Thursday, 27 June 2013

Down on the Ranch, Fishing the Yakima, Snakes, Bats, Mormon Handcart Expedition etc

My wife and I took two of our grandchildren to spend a couple of days at Ensign Ranch, just off the I90 near Cle Elum, WA.  We had booked a cabin which came complete with beds, wood burning stove, fridge freezer and microwave. It was all lovely and rustic and it beats being under canvas (especially as the weather was cool and showery)!

 
The cabin also came with a friendly bat which granddad caught in his hand and let loose unharmed.
 First activity was horse riding which Erin was really looking forward to, but which she had to warm to.

The 360-acre Ranch is a facility of our church The Church of Jesus Christ of Latter-day Saints.  It is run by a team of volunteers who serve there for a year or two.  Some are retired folk like us, others are young and trendy!  My wife Rosalind and I are considering volunteering to serve there and so we got invited to have dinner with the current volunteers.  The church has these type of facilities so the youth, young adults and families have somewhere safe to go to learn about and enjoy the great outdoors.  The facility is available for folk who are not members of the church to use, provided they are prepared to abide by the same standards the members keep.
 
 
It truly is a pretty wild environment this snake was spotted by my grandson, if anyone knows what it is I would be interested to hear from you.

 
Running down one side of the ranch is the beautiful Yakima River, and yes I did squeeze in a couple of fishing sessions.  The intermittent rain meant there was a lot of water coming down and the cold meant there were no significant insect hatches.  However, I did catch some little fellers fishing an upstream dry fly.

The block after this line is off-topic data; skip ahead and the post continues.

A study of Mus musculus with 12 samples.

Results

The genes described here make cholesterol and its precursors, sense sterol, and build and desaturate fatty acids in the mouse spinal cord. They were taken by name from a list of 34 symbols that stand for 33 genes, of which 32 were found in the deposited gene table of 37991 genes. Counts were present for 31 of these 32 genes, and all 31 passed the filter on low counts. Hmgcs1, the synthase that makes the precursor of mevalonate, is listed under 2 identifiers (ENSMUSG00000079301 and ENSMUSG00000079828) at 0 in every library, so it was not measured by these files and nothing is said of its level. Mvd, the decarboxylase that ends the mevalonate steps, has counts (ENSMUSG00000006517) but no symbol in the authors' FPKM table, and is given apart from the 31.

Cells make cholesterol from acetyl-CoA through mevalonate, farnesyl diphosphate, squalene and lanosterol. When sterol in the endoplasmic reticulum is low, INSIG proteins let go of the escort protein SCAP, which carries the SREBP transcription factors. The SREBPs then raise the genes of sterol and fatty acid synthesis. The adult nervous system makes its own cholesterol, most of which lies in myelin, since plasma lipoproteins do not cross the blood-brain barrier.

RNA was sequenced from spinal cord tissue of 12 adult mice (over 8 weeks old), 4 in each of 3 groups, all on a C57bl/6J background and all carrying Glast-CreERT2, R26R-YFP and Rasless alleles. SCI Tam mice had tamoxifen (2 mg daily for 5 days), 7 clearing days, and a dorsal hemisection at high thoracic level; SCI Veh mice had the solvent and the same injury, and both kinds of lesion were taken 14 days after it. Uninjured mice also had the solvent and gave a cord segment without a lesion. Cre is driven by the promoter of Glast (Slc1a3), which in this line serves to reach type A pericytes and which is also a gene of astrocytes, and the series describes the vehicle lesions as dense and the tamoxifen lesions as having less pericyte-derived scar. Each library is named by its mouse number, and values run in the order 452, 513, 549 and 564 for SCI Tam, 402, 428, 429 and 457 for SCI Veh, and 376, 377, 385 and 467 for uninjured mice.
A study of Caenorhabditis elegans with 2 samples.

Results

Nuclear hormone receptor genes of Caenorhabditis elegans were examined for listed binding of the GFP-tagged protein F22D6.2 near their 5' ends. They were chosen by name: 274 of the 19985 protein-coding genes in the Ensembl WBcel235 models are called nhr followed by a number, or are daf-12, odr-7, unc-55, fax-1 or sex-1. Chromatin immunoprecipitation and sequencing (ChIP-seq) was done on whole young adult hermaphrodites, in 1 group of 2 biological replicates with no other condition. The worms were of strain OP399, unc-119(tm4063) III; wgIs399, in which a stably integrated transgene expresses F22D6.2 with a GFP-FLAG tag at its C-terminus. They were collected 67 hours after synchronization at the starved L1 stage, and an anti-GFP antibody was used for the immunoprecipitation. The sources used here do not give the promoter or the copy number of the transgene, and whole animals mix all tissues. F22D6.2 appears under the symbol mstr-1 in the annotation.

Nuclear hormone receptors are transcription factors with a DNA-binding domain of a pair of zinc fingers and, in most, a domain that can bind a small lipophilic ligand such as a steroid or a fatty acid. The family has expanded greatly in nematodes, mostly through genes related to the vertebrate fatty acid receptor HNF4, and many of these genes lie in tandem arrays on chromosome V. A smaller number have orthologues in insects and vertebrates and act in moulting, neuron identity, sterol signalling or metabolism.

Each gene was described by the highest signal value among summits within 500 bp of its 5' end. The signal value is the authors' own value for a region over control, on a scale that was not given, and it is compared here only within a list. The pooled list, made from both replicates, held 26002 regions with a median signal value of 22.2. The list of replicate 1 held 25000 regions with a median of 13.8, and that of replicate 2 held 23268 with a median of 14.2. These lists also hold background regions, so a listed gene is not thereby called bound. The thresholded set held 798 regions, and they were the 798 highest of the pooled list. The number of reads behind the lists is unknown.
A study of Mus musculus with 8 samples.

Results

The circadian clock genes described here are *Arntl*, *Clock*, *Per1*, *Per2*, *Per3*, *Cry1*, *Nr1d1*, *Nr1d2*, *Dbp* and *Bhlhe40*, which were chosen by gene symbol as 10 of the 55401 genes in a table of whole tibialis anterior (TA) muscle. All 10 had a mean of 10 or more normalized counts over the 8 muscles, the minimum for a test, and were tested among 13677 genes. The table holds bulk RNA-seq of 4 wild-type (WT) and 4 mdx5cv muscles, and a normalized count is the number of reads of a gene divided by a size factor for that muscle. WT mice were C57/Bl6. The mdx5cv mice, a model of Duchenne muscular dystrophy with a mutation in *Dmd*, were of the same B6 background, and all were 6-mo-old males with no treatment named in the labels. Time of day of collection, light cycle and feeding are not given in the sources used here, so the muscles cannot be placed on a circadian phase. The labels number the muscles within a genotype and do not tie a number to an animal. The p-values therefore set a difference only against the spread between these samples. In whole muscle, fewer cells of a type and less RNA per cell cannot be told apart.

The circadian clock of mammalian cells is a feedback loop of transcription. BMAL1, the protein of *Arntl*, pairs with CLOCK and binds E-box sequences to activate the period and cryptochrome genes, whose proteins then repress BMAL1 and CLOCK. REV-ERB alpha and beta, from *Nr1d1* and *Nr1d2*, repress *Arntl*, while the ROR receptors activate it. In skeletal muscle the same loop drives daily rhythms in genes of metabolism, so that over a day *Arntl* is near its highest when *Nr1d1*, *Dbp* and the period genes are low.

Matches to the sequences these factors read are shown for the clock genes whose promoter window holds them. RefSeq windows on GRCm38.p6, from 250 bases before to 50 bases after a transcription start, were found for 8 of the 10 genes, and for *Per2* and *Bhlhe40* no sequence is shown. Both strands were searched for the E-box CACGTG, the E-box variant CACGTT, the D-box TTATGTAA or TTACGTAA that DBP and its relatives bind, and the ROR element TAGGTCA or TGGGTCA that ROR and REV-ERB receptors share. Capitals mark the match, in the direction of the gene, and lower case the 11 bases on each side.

One of the special things the members of my church do is celebrate the Mormon Pioneer treks by staging their own with their youth.  Whilst we were there the ranch was descended on by members of the church from West Richland.  Everyone dresses in appropriate costumes, and groups of youth are formed into families with a couple in charge, then the families are formed into companies.  Each family has it's own authentic handcart and they set out for a 3-day trek.  Each company included a doctor and there was a chap with a warning flag on a quad bike out front.  I think there were about 300 people on the trek.
Everyone is very friendly and they all look the part. This group told me all about the event and were kind enough to line up for me.

 The whole thing is extremely well organized and each family poses for a photograph before they set off.  I don't think the rifles were real???
 
 Here they have just set off and as you can see the ladies help the men pulling the handcarts.
This cart has been equipped with a roof to keep all their food and camping kit dry.
 
A day later quite by chance we bumped into one of the trekker companies again. They might have looked a bit damp and dirty but they were in great spirits as the following video clip shows.
 
 
 Then we jumped in the car and headed back up the I90 to Redmond, glad that we did not have to walk!